Bacterial spot Tomatoes on vine.
Maryana Serdynska
/
Getty Images
It's prime time for tomatoes right now. You might be able to manage damaged fruit, depending on the cause.

The tomato crop is ripening and lots of gardeners are enjoying cherry tomatoes, sauce tomatoes and big, fat juicy slicers. But for some, all is not tomato sandwiches and smiles. Various conditions and insects can cause tomato fruit damage. I've talked about tomato hornworms and blight before and you can check out those topics on my website. Today, I want to talk about other problems.

Tomato skins with cracking, splitting or long scars, are usually caused by genetics or weather. Heirlooms are more susceptible than many hybrids. Also, wet or dry weather will stress the skins and cause splitting. Try growing different varieties and try mulching. The same is true for rotting at the end of some fruits. Blossom end rot is caused by a calcium deficiency in the skin due to fluctuating soil moisture conditions. Elongated sauce tomatoes are most susceptible. Keep the soil mulched to prevent this problem.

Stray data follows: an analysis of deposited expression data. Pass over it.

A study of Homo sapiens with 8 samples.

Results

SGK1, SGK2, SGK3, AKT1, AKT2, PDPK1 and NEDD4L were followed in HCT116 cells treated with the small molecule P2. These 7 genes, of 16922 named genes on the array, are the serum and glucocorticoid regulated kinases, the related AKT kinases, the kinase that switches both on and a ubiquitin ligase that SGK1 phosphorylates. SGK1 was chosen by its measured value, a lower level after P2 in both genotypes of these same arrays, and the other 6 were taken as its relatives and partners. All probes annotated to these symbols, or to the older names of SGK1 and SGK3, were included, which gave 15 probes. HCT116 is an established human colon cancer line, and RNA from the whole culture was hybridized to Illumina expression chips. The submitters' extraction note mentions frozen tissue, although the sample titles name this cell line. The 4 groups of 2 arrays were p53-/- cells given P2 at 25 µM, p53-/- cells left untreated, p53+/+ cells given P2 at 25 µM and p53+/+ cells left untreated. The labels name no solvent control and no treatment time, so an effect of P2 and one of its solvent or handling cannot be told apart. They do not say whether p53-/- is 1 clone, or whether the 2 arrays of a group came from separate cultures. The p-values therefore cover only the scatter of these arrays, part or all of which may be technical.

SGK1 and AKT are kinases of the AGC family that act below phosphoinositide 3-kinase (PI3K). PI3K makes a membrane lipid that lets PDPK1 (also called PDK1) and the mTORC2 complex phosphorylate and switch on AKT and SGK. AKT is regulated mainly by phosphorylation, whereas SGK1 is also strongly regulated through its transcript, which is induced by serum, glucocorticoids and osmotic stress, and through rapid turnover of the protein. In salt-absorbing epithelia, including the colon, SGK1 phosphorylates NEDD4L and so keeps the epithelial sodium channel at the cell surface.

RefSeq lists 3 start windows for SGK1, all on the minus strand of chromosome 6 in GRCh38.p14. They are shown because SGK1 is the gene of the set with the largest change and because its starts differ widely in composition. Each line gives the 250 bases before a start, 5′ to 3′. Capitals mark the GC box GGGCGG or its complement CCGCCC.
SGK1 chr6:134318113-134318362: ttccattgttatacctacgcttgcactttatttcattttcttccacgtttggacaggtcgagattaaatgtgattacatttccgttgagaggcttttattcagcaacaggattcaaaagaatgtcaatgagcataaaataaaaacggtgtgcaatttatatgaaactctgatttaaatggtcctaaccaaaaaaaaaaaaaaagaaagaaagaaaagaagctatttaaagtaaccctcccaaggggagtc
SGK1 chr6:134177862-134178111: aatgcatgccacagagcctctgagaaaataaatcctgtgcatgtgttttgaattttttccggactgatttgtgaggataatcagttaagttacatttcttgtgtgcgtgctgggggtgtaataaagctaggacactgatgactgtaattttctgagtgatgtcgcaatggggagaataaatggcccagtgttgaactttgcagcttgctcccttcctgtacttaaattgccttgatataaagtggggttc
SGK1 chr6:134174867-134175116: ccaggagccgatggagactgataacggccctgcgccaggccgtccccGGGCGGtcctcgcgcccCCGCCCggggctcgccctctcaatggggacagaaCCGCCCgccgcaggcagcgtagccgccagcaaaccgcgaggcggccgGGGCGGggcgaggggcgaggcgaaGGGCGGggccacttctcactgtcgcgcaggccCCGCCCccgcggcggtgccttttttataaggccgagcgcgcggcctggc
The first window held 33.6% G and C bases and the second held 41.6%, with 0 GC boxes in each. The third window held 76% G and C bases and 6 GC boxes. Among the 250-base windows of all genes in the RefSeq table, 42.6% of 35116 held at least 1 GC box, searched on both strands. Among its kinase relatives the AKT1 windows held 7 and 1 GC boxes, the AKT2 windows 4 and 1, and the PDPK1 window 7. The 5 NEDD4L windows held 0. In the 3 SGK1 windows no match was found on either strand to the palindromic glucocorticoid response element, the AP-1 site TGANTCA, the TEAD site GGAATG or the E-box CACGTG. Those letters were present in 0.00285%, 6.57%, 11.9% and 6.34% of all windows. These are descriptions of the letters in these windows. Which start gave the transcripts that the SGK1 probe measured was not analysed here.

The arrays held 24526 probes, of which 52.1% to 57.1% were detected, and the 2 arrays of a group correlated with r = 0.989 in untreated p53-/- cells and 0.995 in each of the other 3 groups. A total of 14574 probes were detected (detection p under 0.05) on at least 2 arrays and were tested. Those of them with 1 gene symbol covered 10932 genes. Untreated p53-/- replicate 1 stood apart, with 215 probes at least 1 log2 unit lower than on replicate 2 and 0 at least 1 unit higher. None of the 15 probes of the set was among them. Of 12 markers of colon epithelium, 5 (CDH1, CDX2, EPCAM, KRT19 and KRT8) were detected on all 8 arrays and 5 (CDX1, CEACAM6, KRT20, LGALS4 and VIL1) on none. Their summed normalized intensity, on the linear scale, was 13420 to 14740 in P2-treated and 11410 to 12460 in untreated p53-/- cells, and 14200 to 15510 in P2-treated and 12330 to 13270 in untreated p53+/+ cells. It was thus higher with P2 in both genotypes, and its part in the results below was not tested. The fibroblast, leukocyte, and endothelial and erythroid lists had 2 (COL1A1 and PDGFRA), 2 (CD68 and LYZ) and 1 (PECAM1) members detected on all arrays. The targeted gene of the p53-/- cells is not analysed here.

Green tops or shoulders on ripening tomatoes is usually a genetic trait often found in heirlooms or is caused by too much sun and heat. If you really love that heirloom variety, just cut off the green top and eat it. Otherwise, try different varieties or shade your plants in the afternoon to keep them cool.

If your tomatoes have cloudy spots on the skin and those areas are hard, it could be damage from stink bugs. These bugs pierce the skin to feed, causing this reaction. Control stink bugs by hand picking them or spraying pyrethrum spray in the evening after the bees have all gone home.

Charlie Nardozzi is a regional Emmy® Award winning garden writer, speaker, radio, and television personality. He has worked for more than 30 years bringing expert information to home gardeners.